As teams shift from non-conference games to their conference schedule, you can expect to see some drop in a player’s individual performance. Tougher games are played on a regular basis during conference play, and there’s more wear and tear on the players. Nichols, however, seems to take that to the extreme.
Over his combined sophomore and junior seasons, in 34 non-conference games, Nichols has averaged 10.5 points per game, 4.7 rebounds, and 1.1 assists. During the same time period in 28 Big East games, Nichols averaged 7.7 points per game, 3.6 rebounds, and 1.0 assists. Over a 27% decrease in total points, and a 25% decrease in rebounds are somewhat larger than what you might expect to see. But its probably not too much outside the norm in drop off.
However, it is the disappearance of his shooting touch in Big East play that is absolutely mind boggling. Over his sophomore and junior seasons, in non-conference games, Nichols shot 45.3% from the floor, 38.5% from the 3 point range and 54.2% from the two point range. Those are pretty good numbers.
In Big East play over the same time period, Nichols shot 37.2% from the floor, 26.7% from three point range and 47.3% from two point range. The first two numbers are terrible. More amazing though, is that his three point shooting drops 11.8 percentage points. That his a huge difference. To give you some perspective on the three point field goal shooting change, in 2005-06 Gerry McNamara shot 33.9% in non-conference and 32.8% in Big East play, Eric Devendorf shot 38.7% in non-conference and 36.6% in Big East play.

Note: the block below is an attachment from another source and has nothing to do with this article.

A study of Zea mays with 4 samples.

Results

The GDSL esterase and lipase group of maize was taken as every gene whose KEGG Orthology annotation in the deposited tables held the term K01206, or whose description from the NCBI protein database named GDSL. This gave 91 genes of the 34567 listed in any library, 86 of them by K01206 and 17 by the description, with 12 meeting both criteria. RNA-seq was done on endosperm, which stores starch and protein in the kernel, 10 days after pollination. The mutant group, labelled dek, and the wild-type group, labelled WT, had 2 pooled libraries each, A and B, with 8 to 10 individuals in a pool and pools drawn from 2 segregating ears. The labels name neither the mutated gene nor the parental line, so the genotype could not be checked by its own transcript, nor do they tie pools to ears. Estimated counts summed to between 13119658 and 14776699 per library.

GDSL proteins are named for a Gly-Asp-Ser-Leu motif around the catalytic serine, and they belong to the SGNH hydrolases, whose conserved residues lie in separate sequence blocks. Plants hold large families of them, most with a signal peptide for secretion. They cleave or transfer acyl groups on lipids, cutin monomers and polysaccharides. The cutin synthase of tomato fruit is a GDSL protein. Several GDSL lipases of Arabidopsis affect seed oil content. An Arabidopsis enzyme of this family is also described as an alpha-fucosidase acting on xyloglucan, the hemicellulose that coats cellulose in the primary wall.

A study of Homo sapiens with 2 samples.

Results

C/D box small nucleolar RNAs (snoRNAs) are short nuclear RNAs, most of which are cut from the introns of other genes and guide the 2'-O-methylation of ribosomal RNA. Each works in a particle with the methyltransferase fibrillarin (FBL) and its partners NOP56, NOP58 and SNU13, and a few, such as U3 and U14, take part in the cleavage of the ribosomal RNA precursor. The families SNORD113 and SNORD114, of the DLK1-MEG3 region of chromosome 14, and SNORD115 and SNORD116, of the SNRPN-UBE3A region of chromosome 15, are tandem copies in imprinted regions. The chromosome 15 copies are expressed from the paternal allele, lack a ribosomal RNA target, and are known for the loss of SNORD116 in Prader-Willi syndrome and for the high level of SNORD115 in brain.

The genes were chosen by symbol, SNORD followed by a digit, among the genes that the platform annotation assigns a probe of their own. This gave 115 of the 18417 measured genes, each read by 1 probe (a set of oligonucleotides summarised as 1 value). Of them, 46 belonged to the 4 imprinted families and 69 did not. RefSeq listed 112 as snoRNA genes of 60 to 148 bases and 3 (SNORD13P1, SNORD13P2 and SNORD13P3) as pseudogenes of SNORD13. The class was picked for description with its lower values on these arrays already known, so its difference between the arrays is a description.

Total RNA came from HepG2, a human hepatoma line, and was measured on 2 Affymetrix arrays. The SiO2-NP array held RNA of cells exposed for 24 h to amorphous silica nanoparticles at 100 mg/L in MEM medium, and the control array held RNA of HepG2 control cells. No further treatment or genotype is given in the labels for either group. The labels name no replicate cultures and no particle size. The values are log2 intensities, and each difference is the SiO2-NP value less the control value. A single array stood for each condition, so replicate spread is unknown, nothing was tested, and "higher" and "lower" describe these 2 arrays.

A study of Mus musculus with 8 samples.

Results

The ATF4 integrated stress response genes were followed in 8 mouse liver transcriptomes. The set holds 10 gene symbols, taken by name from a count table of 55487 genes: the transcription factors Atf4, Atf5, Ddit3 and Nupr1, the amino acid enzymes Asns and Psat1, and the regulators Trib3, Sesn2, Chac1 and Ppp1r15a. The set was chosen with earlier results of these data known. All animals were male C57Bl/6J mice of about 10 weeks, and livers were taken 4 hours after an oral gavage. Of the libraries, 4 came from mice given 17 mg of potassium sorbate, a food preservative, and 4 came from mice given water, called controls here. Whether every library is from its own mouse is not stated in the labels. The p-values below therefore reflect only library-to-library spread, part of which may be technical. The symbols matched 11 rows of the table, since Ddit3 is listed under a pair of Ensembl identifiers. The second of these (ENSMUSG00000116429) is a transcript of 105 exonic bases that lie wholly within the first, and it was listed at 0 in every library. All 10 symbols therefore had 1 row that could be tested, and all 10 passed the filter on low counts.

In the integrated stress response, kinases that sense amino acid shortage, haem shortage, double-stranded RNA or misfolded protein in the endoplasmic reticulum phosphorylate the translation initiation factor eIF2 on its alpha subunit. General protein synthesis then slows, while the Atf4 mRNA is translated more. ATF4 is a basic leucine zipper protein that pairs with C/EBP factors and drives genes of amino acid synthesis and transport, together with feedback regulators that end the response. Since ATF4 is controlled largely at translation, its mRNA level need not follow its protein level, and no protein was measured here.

So what to attribute Nichols drop in shooting each year? Fatigue? A style of play that does not suit him? More aggressive defenses? Psychology? Winter blues?
More surprisingly is the undefended shot, the free throw. Over the last two seasons, Nichols shot 71.0% from the free throw line in non-conference games. In Big East play, that plummeted to 61.9%. A drop of almost 10 percentage points on uncontested shots!
It had looked like 2006-07 was going to be different. Nichols was playing so well in the non-conference games. He averaged 19.8 points a game, shot a blistering 48.8% from three point range, and a McNamara like 89.4% from the free throw line. In December, he was peaking with 6 straight games with 20+ points, averaging 25.8 ppg during that stretch, including an impressive 31 points against Drexel on December 19th.
Nichols looked extremely confident in play, was making all the right moves. I wasn’t even concerned after the first Big East game against the Pitt Panthers. Pitt has outstanding defense, and while Nichols shot wasn’t falling, he still showed a lot of solid play on the court, including those special nuances you like to see your superstars make.
But now we’re three games into the Big East season. Yes, there’s still a long ways to go, but after three games, Nichols Big East stats are looking awfully familiar. He’s shooting 33.3% from the floor, 25.0% from three point range, and his free throw shooting once again dropped to 62.5%. Those are huge drops.
It’s only three games; statistically speaking that means nothing. I keep telling myself that. Yet, it’s following the Nichols career trend. And when you keep seeing a pattern repeat itself, you’re foolish to ignore it. I can’t explain why Nichols struggles in Big East play. I know its not all about the defense, because a large drop in free throw shooting isn’t caused by defense (fatigue plays into that, and strong defense can lead to fatigue, but not to that extreme).
Demetris, I haven’t given up on you yet. I still think you can be a star for Syracuse. Prove your historical numbers wrong, prove this analysis wrong, and show us you’re the play I had always hoped you would be. It was nice to get another glimpse in autumn, but while being Mr. October is great for baseball, its not what we want in basketball.